Dog Owner's Guide

Special Section: Caring for a senior dog

Most dogs are considered elderly once they turn 8, but dogs of larger breeds can be considered elderly at ages between 5 and 7 years. If you have an elderly dog you will have to monitor him more closely as his health and strength will begin to weaken. His organs and body functions will start to slow down and his eyesight and hearing will be affected as well. You will need to watch him closely when he is outdoors or around stairs. Regular visits to the veterinarian will also ensure that any health complications can be detected and treated early.

What owners should look out for:

Arthritis
Look out for symptoms like limping and difficulty in running or moving quickly. Arthritis causes joint pain and stiffness in dogs and can be helped by non-strenuous exercise, medicine and nutritional supplements.

Kidney failure
Symptoms include excessive thirst, excessive urination, weight loss, fatigue and bruising. Aging slows down kidney function and this can result in chronic renal failure. Do visit for veterinarian immediately if you suspect you dog has kidney problems.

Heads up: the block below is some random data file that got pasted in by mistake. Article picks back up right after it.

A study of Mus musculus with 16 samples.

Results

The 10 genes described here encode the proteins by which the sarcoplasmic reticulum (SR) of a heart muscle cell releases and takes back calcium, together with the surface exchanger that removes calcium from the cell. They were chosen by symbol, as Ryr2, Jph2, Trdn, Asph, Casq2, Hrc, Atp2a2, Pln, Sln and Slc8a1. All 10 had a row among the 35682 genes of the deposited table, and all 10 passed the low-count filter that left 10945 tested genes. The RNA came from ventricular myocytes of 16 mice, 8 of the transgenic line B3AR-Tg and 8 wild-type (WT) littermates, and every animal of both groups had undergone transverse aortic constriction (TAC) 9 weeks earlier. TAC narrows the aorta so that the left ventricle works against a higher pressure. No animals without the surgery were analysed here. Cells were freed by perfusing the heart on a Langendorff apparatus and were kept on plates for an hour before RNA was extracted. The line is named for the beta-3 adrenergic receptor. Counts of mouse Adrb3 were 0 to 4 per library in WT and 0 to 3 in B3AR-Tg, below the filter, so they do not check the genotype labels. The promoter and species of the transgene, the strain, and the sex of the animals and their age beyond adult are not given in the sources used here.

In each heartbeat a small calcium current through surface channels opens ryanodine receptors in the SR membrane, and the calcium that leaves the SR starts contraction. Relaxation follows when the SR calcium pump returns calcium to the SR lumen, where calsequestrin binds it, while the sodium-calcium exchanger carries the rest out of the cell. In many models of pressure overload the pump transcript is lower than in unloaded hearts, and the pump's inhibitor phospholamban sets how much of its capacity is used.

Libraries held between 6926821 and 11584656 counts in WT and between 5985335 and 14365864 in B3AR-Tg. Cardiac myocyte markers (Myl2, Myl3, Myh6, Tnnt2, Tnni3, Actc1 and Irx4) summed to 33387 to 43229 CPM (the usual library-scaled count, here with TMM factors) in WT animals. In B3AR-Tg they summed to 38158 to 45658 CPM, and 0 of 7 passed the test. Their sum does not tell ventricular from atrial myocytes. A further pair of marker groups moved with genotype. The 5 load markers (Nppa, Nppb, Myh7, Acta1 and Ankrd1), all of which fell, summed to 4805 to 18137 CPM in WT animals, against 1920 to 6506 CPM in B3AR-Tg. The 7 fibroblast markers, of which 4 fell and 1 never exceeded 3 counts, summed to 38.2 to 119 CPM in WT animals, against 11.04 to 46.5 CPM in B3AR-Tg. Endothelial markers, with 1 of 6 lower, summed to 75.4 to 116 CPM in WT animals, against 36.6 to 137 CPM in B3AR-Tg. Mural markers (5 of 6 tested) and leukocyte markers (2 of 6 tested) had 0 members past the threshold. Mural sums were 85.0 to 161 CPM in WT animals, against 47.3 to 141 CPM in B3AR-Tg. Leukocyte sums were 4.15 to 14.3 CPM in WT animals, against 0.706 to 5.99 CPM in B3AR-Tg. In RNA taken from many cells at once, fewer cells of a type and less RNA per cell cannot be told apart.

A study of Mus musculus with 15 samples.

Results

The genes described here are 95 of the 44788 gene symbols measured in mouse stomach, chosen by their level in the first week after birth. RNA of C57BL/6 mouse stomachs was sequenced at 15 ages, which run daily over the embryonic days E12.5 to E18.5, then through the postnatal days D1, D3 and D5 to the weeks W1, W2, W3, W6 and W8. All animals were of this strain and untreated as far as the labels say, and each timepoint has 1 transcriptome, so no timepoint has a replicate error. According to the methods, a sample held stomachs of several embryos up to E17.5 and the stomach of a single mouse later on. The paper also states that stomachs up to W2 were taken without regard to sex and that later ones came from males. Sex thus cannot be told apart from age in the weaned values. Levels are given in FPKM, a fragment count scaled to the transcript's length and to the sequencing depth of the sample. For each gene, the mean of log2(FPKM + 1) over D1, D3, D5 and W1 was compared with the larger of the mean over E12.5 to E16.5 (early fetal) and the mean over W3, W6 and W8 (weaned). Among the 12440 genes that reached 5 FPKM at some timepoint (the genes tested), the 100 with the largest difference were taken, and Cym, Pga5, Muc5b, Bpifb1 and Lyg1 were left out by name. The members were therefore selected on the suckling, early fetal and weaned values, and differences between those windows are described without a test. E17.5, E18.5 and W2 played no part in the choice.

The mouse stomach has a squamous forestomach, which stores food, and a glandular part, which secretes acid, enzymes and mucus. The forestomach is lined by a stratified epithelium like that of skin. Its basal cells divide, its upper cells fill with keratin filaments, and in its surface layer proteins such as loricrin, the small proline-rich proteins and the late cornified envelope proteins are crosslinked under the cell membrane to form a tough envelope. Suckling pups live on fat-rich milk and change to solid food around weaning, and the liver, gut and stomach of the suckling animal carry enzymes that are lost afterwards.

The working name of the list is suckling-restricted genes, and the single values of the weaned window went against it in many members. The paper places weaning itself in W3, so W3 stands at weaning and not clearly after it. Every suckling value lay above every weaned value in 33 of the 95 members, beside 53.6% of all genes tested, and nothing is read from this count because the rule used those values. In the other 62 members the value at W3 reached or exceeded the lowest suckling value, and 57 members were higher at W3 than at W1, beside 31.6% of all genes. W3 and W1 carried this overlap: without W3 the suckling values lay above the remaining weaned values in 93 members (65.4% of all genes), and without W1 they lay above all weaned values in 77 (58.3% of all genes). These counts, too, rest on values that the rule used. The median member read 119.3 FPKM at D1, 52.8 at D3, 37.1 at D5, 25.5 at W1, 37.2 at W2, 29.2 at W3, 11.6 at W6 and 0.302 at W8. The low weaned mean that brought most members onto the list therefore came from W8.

Skin disorders
Look out for any changes in fur or skin condition while you are grooming your dog. If your dog's skin looks dry or irritated you should consult your veterinarian for a suitable treatment.

Urinary incontinence
This could be a sign of a problem with your dog's nervous system. Dogs with this condition are more prone to develop urinary tract infections as well. A veterinarian will be able to prescribe medicine to treat your dog's incontinence and there are also products like doggy diapers available to help owners clean up easily.

Heightened sensitivity
As dogs age, their ability to regulate their own body temperature is lessened. Ensure that your elderly dog is not placed in areas with extreme temperatures. Give him a warm bed with blankets to sleep in during cold nights and lots of water to drink on hot days.

Reduced activity levels
Older dogs are less energetic and tend to spend more time sleeping than in their younger days. Since there are using up less energy, you will need to adjust their diet to suit their new lifestyle. Older dogs need a well balanced diet that is lower in calories, but still has adequate protein and fat, and is higher in fiber.

Supplements
You may want to give your older dog supplements to help their bodies deal with all the physical changes that come about with aging. If your dog has weak joints, give him a supplement that contains glucosamine and chondroitin. If your dog has constipation occasionally, give him a fiber supplements, such as wheat bran.